A KIDDERMINSTER woman who was diagnosed with lymphoma as a teenager is supporting a national charity Christmas campaign, aimed at helping more people affected by the UK's fifth most common cancer.

Ellie Philpotts was diagnosed in January 2010, at the age of 15, after experiencing symptoms throughout the Christmas period and run-up to the New Year.

She was plagued by tiredness, night sweats and breathlessness, but put it down to a winter virus or the flu.

Ellie, 21, said: "I had been feeling ill for a few months longer than I thought was normal. This was also the run-up to Christmas, the time of year when you might expect a snuffle or two, or maybe even a pulled muscle thanks to all the last minute shopping bags - but not usually anything more than that.

"I tried to carry on as normal, sticking to routine like going to school, as well as keeping up with festivities, but when January rolled around and I was juggling symptoms like struggling to breathe and night sweats even more intensely, I realised my problems weren't going to be banished to the past year after all.

"Having my diagnosis confirmed at the end of the month was a shock, but also a relief in some ways, as it meant I could start the treatment and ultimately recovery process."

Around 125,000 people are living with lymphoma in the UK. It is also the most common cancer in young people.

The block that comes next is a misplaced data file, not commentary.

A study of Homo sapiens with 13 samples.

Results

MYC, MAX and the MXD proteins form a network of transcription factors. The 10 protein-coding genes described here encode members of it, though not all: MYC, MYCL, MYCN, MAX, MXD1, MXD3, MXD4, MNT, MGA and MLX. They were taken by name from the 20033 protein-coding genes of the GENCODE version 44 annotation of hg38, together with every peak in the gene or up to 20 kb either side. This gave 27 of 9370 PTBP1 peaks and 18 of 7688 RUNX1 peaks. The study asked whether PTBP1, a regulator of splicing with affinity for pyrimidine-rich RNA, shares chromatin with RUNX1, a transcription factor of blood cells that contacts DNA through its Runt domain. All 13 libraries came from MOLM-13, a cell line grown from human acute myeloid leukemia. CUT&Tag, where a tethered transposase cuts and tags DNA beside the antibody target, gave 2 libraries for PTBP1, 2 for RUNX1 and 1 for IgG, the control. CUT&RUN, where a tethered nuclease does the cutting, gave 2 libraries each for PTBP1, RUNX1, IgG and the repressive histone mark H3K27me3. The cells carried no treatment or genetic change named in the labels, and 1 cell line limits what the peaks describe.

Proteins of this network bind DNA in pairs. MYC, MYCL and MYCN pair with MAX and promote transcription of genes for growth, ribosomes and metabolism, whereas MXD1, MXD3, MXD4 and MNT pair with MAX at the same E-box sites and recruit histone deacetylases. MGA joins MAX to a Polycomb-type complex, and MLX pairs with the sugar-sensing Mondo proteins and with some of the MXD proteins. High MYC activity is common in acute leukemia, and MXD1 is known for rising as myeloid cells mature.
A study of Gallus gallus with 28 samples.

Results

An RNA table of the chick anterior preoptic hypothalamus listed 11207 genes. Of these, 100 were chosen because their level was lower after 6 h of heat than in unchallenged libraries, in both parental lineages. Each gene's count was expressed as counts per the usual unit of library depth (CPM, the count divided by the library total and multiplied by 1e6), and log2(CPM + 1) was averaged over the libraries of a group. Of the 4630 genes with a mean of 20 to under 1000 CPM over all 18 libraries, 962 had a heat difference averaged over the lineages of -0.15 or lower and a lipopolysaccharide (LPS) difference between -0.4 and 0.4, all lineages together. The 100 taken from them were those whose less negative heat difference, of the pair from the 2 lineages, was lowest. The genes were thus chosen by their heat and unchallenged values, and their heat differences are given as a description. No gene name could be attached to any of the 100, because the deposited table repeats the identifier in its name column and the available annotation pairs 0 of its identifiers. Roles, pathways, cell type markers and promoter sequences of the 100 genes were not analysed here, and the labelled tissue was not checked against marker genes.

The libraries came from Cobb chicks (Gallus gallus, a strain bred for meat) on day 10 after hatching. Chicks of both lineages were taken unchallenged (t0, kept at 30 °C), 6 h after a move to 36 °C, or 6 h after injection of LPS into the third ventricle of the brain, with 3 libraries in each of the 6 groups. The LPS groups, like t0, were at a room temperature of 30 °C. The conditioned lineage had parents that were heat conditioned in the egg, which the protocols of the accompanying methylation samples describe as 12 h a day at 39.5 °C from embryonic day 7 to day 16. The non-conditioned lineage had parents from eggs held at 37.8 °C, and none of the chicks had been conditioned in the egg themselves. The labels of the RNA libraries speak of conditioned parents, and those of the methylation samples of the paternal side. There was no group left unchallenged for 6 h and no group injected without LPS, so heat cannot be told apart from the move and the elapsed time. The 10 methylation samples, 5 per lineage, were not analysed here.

National charity, the Lymphoma Association, is hoping its Christmas Wish campaign will help to increase awareness of the signs and symptoms of lymphoma, raise vital funds for its work supporting people affected by a diagnosis and to promote its message that no one should face lymphoma alone.

After successful treatment for her lymphoma, Ellie went on to study journalism and English literature at Cardiff University, graduating earlier this year.

Her Christmas wish is for there to be more public awareness of lymphoma, especially among young people.

Ellie added: "It is one of the most common types of teenage cancer, but the signs can often seem like other illnesses such as glandular fever and viruses.

"I would encourage young adults to know their bodies and take any prolonged lymphoma-like symptoms to the doctors.

"I hope everyone affected by lymphoma has a lovely Christmas and can look towards a happy, healthy New Year.

"Remember that although lymphoma can seem lonely even in the festive period, thanks to Lymphoma Association there are always ways to speak to people who understand."

You can support the Christmas Wish campaign by visiting lymphomas.org.uk/Christmas.